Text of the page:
1 Felt+Fat

Philadelphia ceramics company Felt+Fat (named for two of mid-20th-century artist Joseph Beuys’s favourite materials) specializes in Barragán-esque colours and eye-catching proportions. Its solid slipcast, hand-finished porcelain clay tableware – including these alluring espresso cups with disc handles and softly uneven surfaces – encourages discreet caresses. Espresso cups at Biscotteria Forno Cultura, Union Station. $25.

2 Konro Grill

Compact and neat, this Japanese yakitori grill looks like a stylish planter – but it’s revolutionary for reasons that have nothing to do with aesthetics. When used with binchotan charcoal, the ceramic-lined grill is nearly smokeless, meaning you can use it – practically, if not legally – on your condo balcony. Available at Knife, 803 Dundas St W. $210.

3 Bump Collection

Every piece in the Bump collection of borosilicate glass mouth-blown into graphite moulds is – you guessed it – defined by its bumps. The concept comes together best in the teapot, with its black lid bubbling out of its body, and a clear bent-rod handle recalling the laboratory implements that inspired the line. Tom Dixon teapot at Klaus, 300 King St E. $205.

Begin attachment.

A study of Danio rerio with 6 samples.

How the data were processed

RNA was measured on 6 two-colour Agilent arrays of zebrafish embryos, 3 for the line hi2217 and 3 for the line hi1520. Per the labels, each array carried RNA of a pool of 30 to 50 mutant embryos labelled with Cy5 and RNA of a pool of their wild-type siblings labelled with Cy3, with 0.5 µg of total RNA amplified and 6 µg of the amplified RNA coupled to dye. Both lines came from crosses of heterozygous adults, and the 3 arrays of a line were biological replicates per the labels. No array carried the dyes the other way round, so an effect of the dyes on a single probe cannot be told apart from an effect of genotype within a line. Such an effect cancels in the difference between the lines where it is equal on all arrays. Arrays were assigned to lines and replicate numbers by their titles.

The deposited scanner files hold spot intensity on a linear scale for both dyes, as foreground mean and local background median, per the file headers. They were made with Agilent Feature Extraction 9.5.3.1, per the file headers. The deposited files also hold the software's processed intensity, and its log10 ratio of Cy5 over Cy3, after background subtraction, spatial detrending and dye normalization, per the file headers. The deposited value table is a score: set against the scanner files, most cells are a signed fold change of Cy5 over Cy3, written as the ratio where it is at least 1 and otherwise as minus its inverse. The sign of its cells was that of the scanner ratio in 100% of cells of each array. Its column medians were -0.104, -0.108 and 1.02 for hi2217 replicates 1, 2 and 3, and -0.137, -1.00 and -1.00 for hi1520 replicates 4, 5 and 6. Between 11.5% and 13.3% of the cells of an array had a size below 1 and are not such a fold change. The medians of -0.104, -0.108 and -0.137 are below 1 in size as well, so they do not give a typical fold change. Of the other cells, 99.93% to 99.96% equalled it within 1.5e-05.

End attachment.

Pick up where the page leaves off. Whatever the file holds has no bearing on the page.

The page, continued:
Matty Matheson: A Cookbook by Abrams Books

The Viceland TV star and former Parts & Labour chef doesn’t promise his new cookbook will be an easy one: some of the recipes – like that for chow-chow pickles – take a few hours (if not a day) to make. But these largely Maritime dishes from his own past are put out there with a surprising amount of sentiment. Available at Indigo. $40 $35.


In the 2024 Spring/Summer Issue of Designlines, we focus on New Builds and “celebrate the profound impact of creating something new, not just as an architectural endeavour but as a testament to laying down roots and shaping the very essence of our city’s identity,” editor-in-chief Joseph Cicerone writes.